Tirumala Venkateswara Temple is a famous Hindu temple located in the hill town Tirumala, near Tirupati in the Chittoor district of Andhra Pradesh, India.
The Tirupati Venkateswara Temple is one of the most important pilgrim sites of the Hindus. It is visited by a large number of devotees each year. Located on the seventh peak of the Tirupati Hill, this ancient temple is a must see for all tourists. It is emblematic of wonderful architecture. One can also get an idea of the tremendous faith that people have in this deity when they visit the temple. Individuals willingly stand in long queues just to get a glimpse of the lord housed in the richest temple. A visit to the temple is like a spiritual sojourn that simply overwhelms the senses.
There is ample literary and epigraphic testimony to the antiquity of the Hindu Temples in Andhra Pradesh: Tirumala Venkateswara temple of Lord Sri Venkateswara. All the great dynasties of rulers of the southern peninsula have paid homage to Lord Sri Venkateswara in this ancient shrine. The Pallavas of Kancheepuram (9th century AD), the Cholas of Thanjavur (a century later), the Pandyas of Madurai, and the kings and chieftains of Vijayanagar (14th – 15th century AD) were devotees of the Lord and they competed with one another in endowing the temple with rich offerings and contributions. It was during the rule of the Vijayanagar dynasty that the contributions to the temple increased. Sri Krishnadevaraya had statues of himself and his consorts installed at the portals of the temple, and these statues can be seen to this day. There is also a statue of Venkatapati Raya in the main temple.
After the decline of the Vijayanagar dynasty, nobles and chieftains from all parts of the country continued to pay their homage and offer gifts to the temple. The Maratha general, Raghoji Bhonsle, visited the temple and set up a permanent endowment for the conduct of worship in the temple. He also presented valuable jewels to the Lord, including a large emerald which is still preserved in a box named after the General. Among the later rulers who have endowed large amounts are the rulers of Mysore and Gadwal.
After the fall of the Hindu kingdoms, the Muslim rulers of Karnataka and then the Britishers took over, and many of the temples came under their supervisory and protective control.
In 1843 AD, the East India Company divested itself of the direct management of non-Christian places of worship and native religious institutions. The administration of the shrine of Sri Venkateswara and a number of estates were then entrusted to Sri Seva Dossji of the Hatiramji Mutt at Tirumala, and the temple remained under the administration of the Mahants for nearly a century, till 1933 AD.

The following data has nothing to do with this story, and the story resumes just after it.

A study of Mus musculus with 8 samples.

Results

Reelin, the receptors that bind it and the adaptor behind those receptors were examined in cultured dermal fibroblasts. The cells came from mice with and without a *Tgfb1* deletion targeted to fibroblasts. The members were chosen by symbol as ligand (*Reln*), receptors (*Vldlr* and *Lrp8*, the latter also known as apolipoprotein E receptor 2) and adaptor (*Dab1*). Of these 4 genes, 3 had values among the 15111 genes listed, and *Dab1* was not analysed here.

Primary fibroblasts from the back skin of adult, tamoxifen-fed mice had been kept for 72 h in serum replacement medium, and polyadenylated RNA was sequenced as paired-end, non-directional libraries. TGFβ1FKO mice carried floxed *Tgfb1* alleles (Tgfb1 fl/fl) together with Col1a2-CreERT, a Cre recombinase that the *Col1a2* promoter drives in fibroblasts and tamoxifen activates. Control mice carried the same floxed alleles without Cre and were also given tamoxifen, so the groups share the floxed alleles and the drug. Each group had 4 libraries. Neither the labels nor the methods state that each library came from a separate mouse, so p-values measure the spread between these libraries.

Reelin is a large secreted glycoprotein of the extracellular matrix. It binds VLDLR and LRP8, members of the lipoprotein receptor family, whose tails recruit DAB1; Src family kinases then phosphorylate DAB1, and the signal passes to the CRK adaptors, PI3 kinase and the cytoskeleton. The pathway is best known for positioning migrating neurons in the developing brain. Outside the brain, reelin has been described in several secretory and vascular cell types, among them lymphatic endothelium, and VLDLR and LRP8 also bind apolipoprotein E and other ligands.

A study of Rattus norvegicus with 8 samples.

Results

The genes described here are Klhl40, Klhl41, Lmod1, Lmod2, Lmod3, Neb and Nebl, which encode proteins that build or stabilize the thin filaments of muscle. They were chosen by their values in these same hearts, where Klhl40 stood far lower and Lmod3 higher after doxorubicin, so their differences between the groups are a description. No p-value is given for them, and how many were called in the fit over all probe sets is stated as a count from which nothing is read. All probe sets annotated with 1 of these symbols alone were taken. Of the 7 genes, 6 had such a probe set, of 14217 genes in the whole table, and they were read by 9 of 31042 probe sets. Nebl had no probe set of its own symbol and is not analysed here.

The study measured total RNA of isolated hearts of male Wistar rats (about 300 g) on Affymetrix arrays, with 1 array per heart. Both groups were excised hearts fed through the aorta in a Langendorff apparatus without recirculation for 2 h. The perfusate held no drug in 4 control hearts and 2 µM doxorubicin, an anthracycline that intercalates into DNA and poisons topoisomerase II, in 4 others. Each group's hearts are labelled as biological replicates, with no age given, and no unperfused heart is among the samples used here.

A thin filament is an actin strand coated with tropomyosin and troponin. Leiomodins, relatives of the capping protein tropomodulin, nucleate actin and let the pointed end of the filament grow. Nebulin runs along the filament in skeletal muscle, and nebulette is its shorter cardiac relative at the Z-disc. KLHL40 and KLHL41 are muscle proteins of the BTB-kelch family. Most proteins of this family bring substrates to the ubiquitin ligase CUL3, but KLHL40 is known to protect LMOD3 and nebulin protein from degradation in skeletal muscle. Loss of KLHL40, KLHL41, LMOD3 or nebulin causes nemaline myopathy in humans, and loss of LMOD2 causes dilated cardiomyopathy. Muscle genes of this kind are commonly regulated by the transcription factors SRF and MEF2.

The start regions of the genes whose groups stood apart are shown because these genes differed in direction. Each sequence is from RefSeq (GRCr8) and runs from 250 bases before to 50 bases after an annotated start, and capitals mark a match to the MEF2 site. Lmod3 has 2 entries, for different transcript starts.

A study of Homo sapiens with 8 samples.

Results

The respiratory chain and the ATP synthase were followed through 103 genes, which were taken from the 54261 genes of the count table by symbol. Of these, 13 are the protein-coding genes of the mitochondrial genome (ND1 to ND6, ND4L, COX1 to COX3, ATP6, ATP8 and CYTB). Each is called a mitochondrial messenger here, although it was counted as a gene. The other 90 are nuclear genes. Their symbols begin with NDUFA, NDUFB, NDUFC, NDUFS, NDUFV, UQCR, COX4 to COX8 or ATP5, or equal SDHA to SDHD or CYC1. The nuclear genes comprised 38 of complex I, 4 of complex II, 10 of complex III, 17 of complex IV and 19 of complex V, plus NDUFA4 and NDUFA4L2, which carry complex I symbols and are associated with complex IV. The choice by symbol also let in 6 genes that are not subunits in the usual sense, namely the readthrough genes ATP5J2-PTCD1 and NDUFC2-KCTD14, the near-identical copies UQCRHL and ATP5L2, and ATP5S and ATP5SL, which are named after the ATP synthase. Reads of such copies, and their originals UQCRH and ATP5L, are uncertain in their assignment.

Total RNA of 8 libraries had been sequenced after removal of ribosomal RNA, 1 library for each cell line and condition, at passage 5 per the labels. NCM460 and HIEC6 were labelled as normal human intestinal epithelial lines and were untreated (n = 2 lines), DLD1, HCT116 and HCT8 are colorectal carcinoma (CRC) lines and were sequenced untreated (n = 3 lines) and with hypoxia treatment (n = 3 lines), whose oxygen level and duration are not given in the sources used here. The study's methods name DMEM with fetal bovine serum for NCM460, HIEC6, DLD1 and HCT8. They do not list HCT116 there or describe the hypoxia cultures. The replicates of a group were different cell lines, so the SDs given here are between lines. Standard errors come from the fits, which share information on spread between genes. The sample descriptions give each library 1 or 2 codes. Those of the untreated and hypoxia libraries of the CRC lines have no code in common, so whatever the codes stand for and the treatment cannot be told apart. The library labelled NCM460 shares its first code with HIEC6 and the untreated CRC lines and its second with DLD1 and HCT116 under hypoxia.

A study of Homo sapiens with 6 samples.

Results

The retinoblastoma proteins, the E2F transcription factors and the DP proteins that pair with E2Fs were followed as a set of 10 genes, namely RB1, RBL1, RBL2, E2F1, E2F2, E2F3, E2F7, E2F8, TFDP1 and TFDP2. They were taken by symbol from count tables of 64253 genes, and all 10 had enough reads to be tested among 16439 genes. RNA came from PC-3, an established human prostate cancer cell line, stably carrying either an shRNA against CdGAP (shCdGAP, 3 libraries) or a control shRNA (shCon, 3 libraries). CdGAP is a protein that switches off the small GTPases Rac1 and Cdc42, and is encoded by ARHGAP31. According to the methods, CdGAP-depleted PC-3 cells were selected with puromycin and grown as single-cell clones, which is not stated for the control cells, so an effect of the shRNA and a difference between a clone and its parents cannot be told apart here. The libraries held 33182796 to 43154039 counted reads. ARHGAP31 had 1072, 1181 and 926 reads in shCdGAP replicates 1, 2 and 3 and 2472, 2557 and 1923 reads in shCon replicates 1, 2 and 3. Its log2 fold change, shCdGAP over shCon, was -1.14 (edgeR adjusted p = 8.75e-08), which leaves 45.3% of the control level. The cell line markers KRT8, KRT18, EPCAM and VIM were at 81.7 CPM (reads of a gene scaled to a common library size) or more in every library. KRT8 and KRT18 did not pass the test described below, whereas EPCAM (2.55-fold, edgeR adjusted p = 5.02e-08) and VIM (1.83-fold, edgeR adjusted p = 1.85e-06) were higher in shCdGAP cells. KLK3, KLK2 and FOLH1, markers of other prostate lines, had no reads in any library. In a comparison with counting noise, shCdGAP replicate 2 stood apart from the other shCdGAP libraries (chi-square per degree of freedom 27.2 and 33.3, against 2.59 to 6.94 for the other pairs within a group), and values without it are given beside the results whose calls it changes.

In 1933, the Madras Legislature passed a special act, which empowered the Tirumala Tirupati Devasthanams(TTD) Committee to control and administer a fixed group of temples in the Tirumala-Tirupati area, through a Commissioner appointed by the Government of Madras.
In 1951, the Act of 1933 was replaced by an enactment whereby the administration of TTDC was entrusted to a Board of Trustees, and an Executive Officer was appointed by the Government . The provisions of the Act of 1951 were retained by Charitable and Religious Endowments Act, 1966.
Sri Venkatachala Mahatmya is referred to in several Puranas, of which the most important are the Varaha Purana and the Bhavishyottara Purana. The printed work contains extracts from the Varaha Purana, Padma Purana, Garuda Purana, Brahmanda Purana, Markandeya Purana, Harivamsa, Vamana Purana, Brahma Purana, Brahmottara Purana, Aditya Purana, Skanda Purana and Bhavishyottara Purana. Most of these extracts describe the sanctity and antiquity of the hills around Tirumala and the numerous teerthams situated on them.
The legends taken from the Venkatachala Mahatmya and the Varaha Purana, pertaining to the manifestation of the Lord at Tirumala, are of particular interest.
According to the Varaha Purana, Adi Varaha manifested Himself on the western bank of the Swami Pushkarini, while Vishnu in the form of Venkateswara came to reside on the southern bank of the Swami Pushkarini. You can contact us for Tirupati Balaji Live Darshan.
Opening & Closing: Monday – Friday: 5.00 AM – 9.00 PM , Saturday: 5.00 AM -9.00 PM , Sunday: 5.00 AM – 9.00 PM , Public Holidays: 5.00 AM – 9.00 PM
How to Reach
Venkateswara Temple is well-connected via road network to all foremost cities in Andhra Pradesh.
The closest airport is Tirupati Airport to Venkateswara Temple, which is at a distance of 21 km.
Andhra Pradesh State Road Transport Corporation (APSRTC) and some private travel services connects Venkateswara Temple with all other foremost cities
The closest station is West Railway Station to Venkateswara Temple, is about 9 km away.
Where to Stay
TTD runs many guesthouses at all budget ranges and you can book the accommodation directly from their website.